About AEDP™ Psychotherapy

AEDP psychotherapy is an empirically supported model that gives patients corrective emotional and relational experiences that mobilize changes in the brain.

What is the AEDP™ Model of Psychotherapy

AEDP psychotherapy is an approach that seeks to alleviate patients’ psychological suffering by helping them process the overwhelming emotions associated with trauma in a way that facilitates corrective emotional and relational experiences that mobilize changes in the brain.

Crisis and suffering provide opportunities to awaken extraordinary capacities that otherwise might lie dormant, unknown and untapped. The AEDP model is about experientially making the most of these opportunities for both trauma processing and healing transformation. Key to the therapeutic action of AEDP is the undoing of aloneness and thus, the co-creation of a therapeutic relationship experienced as both safe haven and secure base where transformational healing can occur. Through the undoing of aloneness, and the in-depth processing of difficult emotional and relational experiences, the AEDP clinician fosters the emergence of new and healing experiences for the patient, and with them resources, resilience and a renewed zest for life.

Psychologist, author, researcher, clinician and educator Diana Fosha, PhD, has been developing the AEDP model for over 20 years. She first described it in her 2000 book, “The Transforming Power of Affect: A Model for Accelerated Change;” and an evolved, updated version of the model is articulated in a book Dr. Fosha edited for American Psychological Association (APA, 2021), “Undoing Aloneness & the Transformation of Suffering into Flourishing: AEDP 2.0.” 

AEDP has roots in and resonances with many disciplines — among them interpersonal neurobiology and affective neuroscience, attachment theory, emotion theory, body-focused approaches, and transformational studies. 

The AEDP model of psychotherapy:

  • Is transdiagnostic, i.e., it can effectively treat trauma, depression, emotion dysregulation, negative thoughts, experiential avoidance and interpersonal problems
  • Establishes a therapeutic relationship of safety and trust
  • Enhances positive functioning such as self-compassion, well-being, and self-esteem in both therapist and client

Dr. Fosha’s synthesis of theory, research, and clinical practice termed AEDP, has become widely recognized as an important step forward in psychotherapeutic treatment. Psychotherapists who complete AEDP training and who can demonstrate the model being used effectively in a clinical setting can become Certified by the AEDP Institute. The model is currently practiced by thousands of clinicians worldwide.

Empirical Support

AEDP Psychotherapy: An Evidence-Supported Practice
There is direct empirical support for the effectiveness of AEDP as a psychotherapy model. The results from Iwakabe and colleagues’ (2020, 2022) practice-research network study examining treatment outcomes of 16-session AEDP in ecologically valid private practice settings, showed that AEDP psychotherapy is effective with a variety of psychological symptoms and issues, including depression, emotion dysregulation, negative thoughts, experiential avoidance, and interpersonal problems. AEDP is also effective in enhancing positive functioning such as self-compassion, well-being, and self-esteem. These improvements are maintained over 12 months, and the maintenance of improvement was observed in all areas of functioning.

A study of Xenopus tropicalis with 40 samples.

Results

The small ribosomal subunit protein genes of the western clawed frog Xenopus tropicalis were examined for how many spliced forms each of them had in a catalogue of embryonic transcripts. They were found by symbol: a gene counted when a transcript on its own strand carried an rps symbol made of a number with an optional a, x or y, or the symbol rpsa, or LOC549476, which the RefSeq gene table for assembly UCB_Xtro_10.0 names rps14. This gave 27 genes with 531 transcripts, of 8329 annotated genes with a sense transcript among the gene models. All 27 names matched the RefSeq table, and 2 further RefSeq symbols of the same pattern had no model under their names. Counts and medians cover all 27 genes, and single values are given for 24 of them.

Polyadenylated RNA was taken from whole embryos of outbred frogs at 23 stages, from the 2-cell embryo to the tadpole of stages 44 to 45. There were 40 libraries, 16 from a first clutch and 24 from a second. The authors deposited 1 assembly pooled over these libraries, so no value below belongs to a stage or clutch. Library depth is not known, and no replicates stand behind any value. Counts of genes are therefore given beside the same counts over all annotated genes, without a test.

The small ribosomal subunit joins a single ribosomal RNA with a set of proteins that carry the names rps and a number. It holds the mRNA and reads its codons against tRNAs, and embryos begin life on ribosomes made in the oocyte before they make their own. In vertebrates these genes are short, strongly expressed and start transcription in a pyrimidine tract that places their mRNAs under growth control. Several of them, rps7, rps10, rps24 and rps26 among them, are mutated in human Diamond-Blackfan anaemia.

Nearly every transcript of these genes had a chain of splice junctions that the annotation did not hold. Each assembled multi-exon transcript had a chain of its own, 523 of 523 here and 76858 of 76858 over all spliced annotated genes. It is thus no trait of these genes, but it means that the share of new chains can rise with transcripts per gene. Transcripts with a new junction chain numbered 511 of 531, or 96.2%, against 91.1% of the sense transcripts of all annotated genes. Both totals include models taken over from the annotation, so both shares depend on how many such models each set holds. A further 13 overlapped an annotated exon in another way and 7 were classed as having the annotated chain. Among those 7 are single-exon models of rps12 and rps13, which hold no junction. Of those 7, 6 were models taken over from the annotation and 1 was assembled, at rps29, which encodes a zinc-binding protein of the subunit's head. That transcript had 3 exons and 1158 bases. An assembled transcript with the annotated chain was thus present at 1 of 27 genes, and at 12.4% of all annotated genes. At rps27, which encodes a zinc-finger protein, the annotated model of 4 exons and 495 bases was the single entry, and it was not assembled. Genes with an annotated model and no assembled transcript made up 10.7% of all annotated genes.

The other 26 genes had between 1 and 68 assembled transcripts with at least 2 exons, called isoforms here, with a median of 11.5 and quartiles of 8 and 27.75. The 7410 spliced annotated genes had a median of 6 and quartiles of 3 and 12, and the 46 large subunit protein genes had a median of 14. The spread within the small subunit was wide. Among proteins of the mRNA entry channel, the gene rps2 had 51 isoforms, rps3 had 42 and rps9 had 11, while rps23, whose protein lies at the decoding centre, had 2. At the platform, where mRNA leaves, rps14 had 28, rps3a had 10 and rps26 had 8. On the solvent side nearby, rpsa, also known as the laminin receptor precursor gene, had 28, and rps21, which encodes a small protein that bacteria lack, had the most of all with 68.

Nonetheless, AEDP is not proposed to be well suited to all patients. Exclusion criteria in the outcome studies conducted by Iwakabe et. al (2022; 2020) included: active suicidality; addiction and substance abuse; psychosis and severe impulse disorders, bipolar disorder, or moderate to severe autism spectrum diagnosis, and a current crisis situation requiring immediate crisis intervention (e.g., intimate partner violence). In order to mitigate potential risks of people experiencing severely dysregulated affect, significantly outside their window of tolerance, and subsequently engaging in harmful coping strategies outside of session, people suffering the above should be referred either to their physician, a psychiatrist, or to a clinician who practices another different form of therapy that might better meet their needs.

Please go here for a list of AEDP research publications.

Our Mission

There is no better way to capture the ethos of AEDP than to say this: we try to help our patients—and ourselves—become stronger at the broken places. By working with trauma, loss, and the painful consequences of the limitations of human relatedness, we discover places that have always been strong, places that were never broken.

The AEDP Institute is devoted to providing a forum for an emergent community of clinicians. We seek to co-create environments — clinical, intellectual, collegial — of shared values. We seek ours to be a community of co-created safety and security from which the boundless exploration that is our aim can take place.

AEDP Institute Goals:

  • To train and certify post graduate level mental health professionals in the AEDP model of psychotherapy.
  • Oversee research to continue to fine tune (and prove) the efficacy of the AEDP model of psychotherapy
  • Publish articles about AEDP psychotherapy
  • Support the community of mental health practitioners who have found AEDP to be their professional home.